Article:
Keeping Carroll Transit running CARROLL COUNTY


Betty Ann Walker will have to sell a lot of buttons if Carroll Transit is going to keep its vans running during this period of fiscal austerity. Ms. Walker, an occasional rider, took it upon herself to solicit door-to-door on behalf Carroll Transit, which is experiencing severe financial difficulties. Suspicious neighbors alerted the police, who investigated and notified Carroll Transit of her efforts. Delighted by her initiative, Carroll Transit is giving her all the buttons she can sell.

Selling buttons for $1 each is no way to run a transit company, and Carroll County citizens ought to develop a long-term and predictable method of financing this important organization.

For people without cars or who cannot drive in this rural-suburban county, Carroll Transit is the only transportation option. The 4-year-old, non-profit organization has been providing the county's elderly, handicapped and poor with convenient transportation to jobs, stores, senior centers and medical appointments. Last year, Carroll Transit provided 56,412 trips -- an average of 155 trips every day.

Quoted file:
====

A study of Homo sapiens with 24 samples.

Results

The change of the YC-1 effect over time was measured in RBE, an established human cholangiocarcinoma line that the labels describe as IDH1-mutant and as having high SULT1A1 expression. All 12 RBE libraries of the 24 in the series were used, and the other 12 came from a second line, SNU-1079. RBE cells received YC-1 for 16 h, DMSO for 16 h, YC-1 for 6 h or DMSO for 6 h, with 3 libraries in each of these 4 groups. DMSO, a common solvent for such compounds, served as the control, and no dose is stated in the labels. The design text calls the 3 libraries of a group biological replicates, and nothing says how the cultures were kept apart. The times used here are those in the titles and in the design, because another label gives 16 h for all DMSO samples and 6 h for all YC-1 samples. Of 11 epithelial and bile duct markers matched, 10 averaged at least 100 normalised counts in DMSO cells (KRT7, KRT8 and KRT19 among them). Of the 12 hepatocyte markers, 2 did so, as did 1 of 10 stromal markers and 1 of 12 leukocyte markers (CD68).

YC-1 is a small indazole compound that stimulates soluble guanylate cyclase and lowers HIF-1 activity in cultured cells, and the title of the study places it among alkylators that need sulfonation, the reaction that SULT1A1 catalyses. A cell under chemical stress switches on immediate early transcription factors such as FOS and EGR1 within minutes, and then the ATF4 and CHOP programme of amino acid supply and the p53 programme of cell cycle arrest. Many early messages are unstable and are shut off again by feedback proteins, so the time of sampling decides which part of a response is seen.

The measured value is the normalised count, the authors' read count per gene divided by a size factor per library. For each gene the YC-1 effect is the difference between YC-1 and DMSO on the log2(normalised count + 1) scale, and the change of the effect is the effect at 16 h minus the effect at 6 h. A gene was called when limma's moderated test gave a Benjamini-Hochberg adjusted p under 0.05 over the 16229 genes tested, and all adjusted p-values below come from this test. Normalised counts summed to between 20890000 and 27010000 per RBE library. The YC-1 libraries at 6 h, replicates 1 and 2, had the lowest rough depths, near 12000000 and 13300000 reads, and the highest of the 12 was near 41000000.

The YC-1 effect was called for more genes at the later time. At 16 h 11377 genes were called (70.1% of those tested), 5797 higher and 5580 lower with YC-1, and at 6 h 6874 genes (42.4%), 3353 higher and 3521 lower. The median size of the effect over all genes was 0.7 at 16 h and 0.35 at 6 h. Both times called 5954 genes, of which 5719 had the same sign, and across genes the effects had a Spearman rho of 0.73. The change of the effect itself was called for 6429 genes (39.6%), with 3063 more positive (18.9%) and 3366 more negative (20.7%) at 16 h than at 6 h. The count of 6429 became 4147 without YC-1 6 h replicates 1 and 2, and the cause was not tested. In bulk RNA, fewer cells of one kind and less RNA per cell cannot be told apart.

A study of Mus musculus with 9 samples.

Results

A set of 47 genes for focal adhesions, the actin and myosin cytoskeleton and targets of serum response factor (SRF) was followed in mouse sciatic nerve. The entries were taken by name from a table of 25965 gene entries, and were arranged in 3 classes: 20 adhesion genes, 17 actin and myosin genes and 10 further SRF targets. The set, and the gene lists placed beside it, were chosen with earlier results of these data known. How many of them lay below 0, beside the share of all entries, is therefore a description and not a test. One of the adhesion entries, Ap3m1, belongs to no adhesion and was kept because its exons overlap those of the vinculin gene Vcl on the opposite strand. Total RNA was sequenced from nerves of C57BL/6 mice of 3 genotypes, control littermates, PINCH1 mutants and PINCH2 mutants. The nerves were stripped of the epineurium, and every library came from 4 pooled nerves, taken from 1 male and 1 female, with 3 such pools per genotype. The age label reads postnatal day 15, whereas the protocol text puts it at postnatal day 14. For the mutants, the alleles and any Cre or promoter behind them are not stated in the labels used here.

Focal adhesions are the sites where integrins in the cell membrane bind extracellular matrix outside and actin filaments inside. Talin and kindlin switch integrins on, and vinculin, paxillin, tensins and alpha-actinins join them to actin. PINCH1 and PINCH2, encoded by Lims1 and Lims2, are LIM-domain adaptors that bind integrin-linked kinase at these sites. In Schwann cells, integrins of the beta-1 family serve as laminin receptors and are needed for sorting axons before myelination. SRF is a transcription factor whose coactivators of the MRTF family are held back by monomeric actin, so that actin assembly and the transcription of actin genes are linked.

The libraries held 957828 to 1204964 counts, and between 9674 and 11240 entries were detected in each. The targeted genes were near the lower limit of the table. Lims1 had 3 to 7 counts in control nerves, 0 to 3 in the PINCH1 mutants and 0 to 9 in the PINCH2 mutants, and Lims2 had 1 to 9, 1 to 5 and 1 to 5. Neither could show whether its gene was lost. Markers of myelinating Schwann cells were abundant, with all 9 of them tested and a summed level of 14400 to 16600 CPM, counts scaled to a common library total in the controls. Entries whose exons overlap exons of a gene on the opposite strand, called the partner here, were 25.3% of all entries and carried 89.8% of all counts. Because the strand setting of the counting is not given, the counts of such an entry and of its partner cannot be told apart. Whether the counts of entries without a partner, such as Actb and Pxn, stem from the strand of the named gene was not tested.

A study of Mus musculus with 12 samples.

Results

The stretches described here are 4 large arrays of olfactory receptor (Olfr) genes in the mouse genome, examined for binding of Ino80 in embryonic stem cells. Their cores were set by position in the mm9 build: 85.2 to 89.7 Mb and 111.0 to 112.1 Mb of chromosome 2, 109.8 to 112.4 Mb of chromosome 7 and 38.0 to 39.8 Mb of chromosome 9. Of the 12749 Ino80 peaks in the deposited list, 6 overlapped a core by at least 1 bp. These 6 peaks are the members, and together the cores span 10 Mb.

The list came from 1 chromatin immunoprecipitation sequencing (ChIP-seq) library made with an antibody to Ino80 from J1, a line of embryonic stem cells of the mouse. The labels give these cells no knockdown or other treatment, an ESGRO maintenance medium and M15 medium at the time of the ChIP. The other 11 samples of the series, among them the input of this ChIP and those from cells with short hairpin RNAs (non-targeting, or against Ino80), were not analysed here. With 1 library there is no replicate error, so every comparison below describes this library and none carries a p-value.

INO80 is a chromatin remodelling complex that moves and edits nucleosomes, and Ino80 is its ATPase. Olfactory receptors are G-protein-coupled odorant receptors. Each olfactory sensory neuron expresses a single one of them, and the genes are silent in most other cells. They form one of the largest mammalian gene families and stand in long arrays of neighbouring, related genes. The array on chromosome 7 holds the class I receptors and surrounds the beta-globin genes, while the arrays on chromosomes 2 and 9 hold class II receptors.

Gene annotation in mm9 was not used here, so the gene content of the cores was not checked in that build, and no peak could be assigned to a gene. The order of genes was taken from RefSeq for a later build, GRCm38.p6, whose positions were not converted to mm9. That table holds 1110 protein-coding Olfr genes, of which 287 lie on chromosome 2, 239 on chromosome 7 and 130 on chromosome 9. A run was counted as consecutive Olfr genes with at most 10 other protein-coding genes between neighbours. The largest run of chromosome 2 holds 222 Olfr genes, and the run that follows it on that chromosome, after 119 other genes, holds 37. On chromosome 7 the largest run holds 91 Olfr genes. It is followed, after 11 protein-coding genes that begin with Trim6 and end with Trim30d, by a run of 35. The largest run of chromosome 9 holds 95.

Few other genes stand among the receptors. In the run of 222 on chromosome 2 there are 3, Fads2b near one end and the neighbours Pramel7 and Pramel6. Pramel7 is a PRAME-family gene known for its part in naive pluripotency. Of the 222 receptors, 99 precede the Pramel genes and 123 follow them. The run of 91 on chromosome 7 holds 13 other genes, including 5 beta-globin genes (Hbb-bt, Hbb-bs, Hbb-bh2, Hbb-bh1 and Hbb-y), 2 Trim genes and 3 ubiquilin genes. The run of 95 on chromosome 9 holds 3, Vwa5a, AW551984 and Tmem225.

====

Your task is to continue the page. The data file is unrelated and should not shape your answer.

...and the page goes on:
A significant portion of its budget is funded by state agencies that contract with Carroll Transit to provide transportation to work for mentally impaired workers and to medical appointments for elderly, pregnant mothers and medical assistance recipients. However, in response to the state's fiscal crunch, state agencies are cutting back or eliminating their contracts with Carroll Transit. So far, Carroll Transit, which had a budget of $434,000 for the year, has seen $100,000 in revenues evaporate.

Linda Boyer, the executive director, points out that funding Carroll Transit is cheaper than having these state agencies buy their own vans, maintain them and hire drivers. Nevertheless, the agencies have made their cuts and Carroll Transit must cope with them. The condition of the 16-van fleet is good, but some repairs and oil changes are being delayed. Drivers are now cleaning the vans, saving money that might otherwise be spent on cleaning crews. Ms. Boyer is exploring ways to reduce the agency's $50,000 annual insurance bill.

Despite everyone's best efforts to raise money, Carroll Transit has to make up a large shortfall. Selling buttons should be the beginning of a more focused effort to keep Carroll Transit running.